Pet dental care at Monarch Veterinary Hospital sets us apart. One of the most commonly overlooked and most important areas of maintaining your pet’s good health is oral and dental care. Approximately two-thirds of everything diagnosed by a veterinarian in a pet 6 years or older is related to disease of the teeth and gums. A regular regimen of care for the teeth and gums can dramatically extend the life of your pet. Monarch Veterinary Hospital recommends preventive care as the key to maintaining your pet’s long-term oral health.
At Monarch Veterinary Hospital, we are very concerned that all pets receive the best dental care possible. Contrary to state law, some pet stores and grooming facilities allow persons who are not qualified do dental procedures on pets. This can and does result in unnecessary damage and infection, causing injury and pain. Dentistry must be done under the direct supervision of a licensed veterinarian only; otherwise, it is considered practicing medicine without a license.
At Monarch Veterinary Hospital, we DO provide non-anesthetic dental (NAD) cleaning as a service for those pets that the doctor determines are candidates for the procedure. A complete oral exam is done and the teeth charted. If any serious dental conditions are found, the doctor is consulted and the problem is addressed appropriately. In some cases, where needed, mild sedatives or antibiotics are administered for the pet.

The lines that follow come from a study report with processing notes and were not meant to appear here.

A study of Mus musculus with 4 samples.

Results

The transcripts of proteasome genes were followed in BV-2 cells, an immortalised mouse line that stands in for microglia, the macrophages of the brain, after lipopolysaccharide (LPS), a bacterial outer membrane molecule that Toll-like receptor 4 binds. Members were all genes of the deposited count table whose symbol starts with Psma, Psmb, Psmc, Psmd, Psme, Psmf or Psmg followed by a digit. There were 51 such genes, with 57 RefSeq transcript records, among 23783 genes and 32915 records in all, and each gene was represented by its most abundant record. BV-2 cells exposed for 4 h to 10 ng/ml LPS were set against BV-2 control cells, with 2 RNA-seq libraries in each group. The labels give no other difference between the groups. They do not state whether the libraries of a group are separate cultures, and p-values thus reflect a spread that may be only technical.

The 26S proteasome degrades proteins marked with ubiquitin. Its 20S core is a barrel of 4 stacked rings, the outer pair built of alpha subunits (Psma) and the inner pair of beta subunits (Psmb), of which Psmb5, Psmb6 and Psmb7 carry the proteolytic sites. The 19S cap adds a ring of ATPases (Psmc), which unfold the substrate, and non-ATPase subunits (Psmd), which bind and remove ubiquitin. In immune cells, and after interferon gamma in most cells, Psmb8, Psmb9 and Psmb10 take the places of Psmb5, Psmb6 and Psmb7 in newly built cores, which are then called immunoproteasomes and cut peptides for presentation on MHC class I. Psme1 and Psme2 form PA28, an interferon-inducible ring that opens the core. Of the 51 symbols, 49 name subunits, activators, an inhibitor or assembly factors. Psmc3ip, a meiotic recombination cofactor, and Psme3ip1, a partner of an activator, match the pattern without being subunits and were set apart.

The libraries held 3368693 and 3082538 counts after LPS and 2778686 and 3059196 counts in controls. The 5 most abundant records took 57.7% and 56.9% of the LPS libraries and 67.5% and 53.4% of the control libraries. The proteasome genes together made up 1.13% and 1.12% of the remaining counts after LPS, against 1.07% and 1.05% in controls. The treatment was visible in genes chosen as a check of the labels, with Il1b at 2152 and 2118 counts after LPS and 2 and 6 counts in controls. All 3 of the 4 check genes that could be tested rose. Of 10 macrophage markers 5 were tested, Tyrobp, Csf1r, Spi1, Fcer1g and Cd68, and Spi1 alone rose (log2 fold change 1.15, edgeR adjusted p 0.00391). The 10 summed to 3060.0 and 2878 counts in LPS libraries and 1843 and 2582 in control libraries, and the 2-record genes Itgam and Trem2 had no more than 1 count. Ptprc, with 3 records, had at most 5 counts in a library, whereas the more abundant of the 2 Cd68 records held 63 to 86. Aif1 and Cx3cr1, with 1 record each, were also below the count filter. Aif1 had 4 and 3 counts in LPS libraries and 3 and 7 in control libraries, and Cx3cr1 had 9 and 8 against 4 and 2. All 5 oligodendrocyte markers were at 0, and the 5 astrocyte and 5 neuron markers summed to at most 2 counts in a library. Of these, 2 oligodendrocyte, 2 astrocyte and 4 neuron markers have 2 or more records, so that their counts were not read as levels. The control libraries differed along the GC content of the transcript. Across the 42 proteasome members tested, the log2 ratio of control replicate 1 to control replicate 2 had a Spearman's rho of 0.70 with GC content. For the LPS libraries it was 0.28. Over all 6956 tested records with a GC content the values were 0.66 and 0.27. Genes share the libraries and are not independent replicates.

We will recommend a regular schedule of routine prophylaxis to keep your pet’s teeth healthy. Before we begin any dental procedure, we will take a complete set of digital X-ray images that are uploaded right away to your pet’s electronic medical records. Many veterinary practices don’t use digital X-ray imaging and can miss finding problematic lesions that are not visible with simple oral examination.
Tooth extractions are one of the most important veterinary dental procedures. Because we can clearly evaluate your pet’s teeth by X-ray, we are able to diagnose unseen problems. Tooth extractions, if required, will prevent further pain and suffering, and extracting some teeth from a pet requires oral surgery if it is done properly. Dental X-rays are taken after the extraction to confirm that the entire tooth root has been completely removed. Then we take the time to reshape the bone before suturing the gingival tissue. Local nerve blocks using long-acting anesthetic agents are given so your pet will have a much more comfortable recovery.
View our Pet Dental Care Slideshow. Please note: You must have Microsoft PowerPoint to view this large (15 MB) slideshow.